Wednesday, April 2, 2008
David S. is a former Southern Baptist pastor who found God's love in a Methodist church. He shares his story below.
I am a relatively new Methodist. I came to know and love United Methodists one day about ten years ago when I stepped into St. Mark United Methodist Church in Atlanta for the first time.
Church wasn't a new idea to me. I was raised in a Southern Baptist Church and home...they kinda went together. My family was in church every time the doors were open: twice on Sunday, Wednesday night, Mission groups, two full weeks of revival in the summer twice a day. I loved the church. I loved God and Jesus. I remember with joy the family devotion times with my mother reading the Bible and praying for us. I learned to sing in those family devotion times.
It was later in life that I tried more and more to please God. I earned my Master of Divinity Degree and became a Southern Baptist pastor serving two churches with distinction. Even that though was not enough to make me feel at ease with my relationship to God. Because at age 45 after struggling for most of my life to figure out who I was I came to understand that I was a a gay man. When that happened all the rest of my life made sense.
But now I am OK with who I am but now I don't fit into the church hierarchy anymore. I had heard it plainly since my earliest days that you cannot be a homosexual and a Christian-those two ideas are incompatible. But how could this young man who loved God and people with all his heart, mind, soul and body (and that is all that Jesus required) not be loved by the God who made him. This was incompatible for me in my head. So I had to be reconciled to the fact that I was going to be outside the loving arms of God whom I love and adore. I felt that God created me just the way I am.
At that time I wasn't in a relationship.....this was just who I am as a person. Four years went by and I wandered around from church to church and then even stayed out of the church for awhile. But I needed to be in a church ...in a worship hour...be around other Christians. So one day, I was on my way to try an Episcopal church and was late and I drove by Saint Mark noticing their service started at 11:15. I stopped. When I walked through those red doors I was greeted by people who acted like they had known me forever. I really felt like I was Home.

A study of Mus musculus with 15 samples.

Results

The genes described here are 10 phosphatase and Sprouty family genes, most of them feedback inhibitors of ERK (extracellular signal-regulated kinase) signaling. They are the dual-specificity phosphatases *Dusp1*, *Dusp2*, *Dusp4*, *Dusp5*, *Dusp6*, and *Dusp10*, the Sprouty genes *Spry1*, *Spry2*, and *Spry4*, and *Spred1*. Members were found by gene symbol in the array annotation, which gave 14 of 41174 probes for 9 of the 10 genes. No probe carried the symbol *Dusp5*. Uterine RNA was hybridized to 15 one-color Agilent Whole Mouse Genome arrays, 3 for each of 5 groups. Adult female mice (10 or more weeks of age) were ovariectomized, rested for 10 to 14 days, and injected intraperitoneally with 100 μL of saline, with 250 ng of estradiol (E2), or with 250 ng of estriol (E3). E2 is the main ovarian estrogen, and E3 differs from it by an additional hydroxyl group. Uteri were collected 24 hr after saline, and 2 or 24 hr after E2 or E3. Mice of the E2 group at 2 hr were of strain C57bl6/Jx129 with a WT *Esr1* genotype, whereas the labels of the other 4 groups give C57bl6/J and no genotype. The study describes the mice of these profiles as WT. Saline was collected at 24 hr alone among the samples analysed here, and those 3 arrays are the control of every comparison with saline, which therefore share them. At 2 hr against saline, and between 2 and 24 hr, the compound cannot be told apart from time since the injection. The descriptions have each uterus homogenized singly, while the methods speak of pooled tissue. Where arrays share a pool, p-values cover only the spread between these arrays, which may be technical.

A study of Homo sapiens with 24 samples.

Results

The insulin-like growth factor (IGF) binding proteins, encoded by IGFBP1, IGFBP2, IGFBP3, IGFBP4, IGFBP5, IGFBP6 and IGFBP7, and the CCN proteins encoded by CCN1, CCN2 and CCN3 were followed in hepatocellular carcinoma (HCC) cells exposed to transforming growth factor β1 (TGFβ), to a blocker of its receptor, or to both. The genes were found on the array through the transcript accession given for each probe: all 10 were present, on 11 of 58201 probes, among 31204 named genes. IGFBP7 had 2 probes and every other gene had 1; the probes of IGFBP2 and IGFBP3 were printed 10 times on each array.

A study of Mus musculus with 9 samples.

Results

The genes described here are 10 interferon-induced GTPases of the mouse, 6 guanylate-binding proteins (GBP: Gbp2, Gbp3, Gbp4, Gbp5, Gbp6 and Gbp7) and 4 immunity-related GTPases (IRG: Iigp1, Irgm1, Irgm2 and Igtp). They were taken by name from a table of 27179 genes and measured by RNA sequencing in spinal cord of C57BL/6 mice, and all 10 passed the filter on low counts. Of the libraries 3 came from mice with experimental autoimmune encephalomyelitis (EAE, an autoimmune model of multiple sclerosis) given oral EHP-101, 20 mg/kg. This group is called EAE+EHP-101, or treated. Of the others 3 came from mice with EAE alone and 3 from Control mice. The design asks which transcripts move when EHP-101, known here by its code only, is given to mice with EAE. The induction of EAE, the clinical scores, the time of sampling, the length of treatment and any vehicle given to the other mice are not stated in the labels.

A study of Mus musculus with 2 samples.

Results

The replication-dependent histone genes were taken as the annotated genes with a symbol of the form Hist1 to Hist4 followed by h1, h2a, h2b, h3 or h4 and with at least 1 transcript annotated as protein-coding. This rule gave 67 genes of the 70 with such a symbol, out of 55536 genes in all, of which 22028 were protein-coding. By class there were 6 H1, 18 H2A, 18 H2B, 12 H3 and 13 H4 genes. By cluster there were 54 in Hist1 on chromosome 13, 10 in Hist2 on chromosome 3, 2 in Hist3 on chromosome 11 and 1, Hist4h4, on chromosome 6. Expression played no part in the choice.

One of the Hymns we sang that Communion Sunday was This is a Day of New Beginnings by Brian Wren. It’s hymn #383 in the Methodist Hymnal if you want to read it. I was told that day that I was welcome no matter where I had come from or who I was , because this was the Lord's table, not even a United Methodist table, but the Lord's. And I was His, so I belonged here. This is a day of new beginnings, time to remember and move on, time to believe what love is bringing, laying to rest the pain that's gone.
I don't remember crying through an entire worship service ever but that day I did. My heart was so broken. That night My mother asked me on her regular Sunday night call, Son, did you go to church today? I had been lying to her for years, but today I told her that I had found the most wonderful body of believers ever. I talked about Saint Mark for 30 minutes. She couldn't believe that I was that happy over one visit to a church service. Later after I was member she would say "i wish I were able to come and experience that with you, Sounds like a wonderful place." I am 59 now and Mom had been gone for four years but would she ever be proud that her boy is an active part of an alive church that loves people and actively seeks to serve God in all of His creation.
Whosoever really does mean me. It has been over ten years and I cannot find enough ways to serve God in the church that loved me back into the waiting arms of God. Every United Methodist Church should be a place of acceptance and healing for broken hearts. I am so eternally glad that there was one on the corner of 5th and Peachtree in Atlanta that day that lives out our motto Open Hearts, Open Minds and Open Doors - wouldn't you like to be part of that kind of fellowship?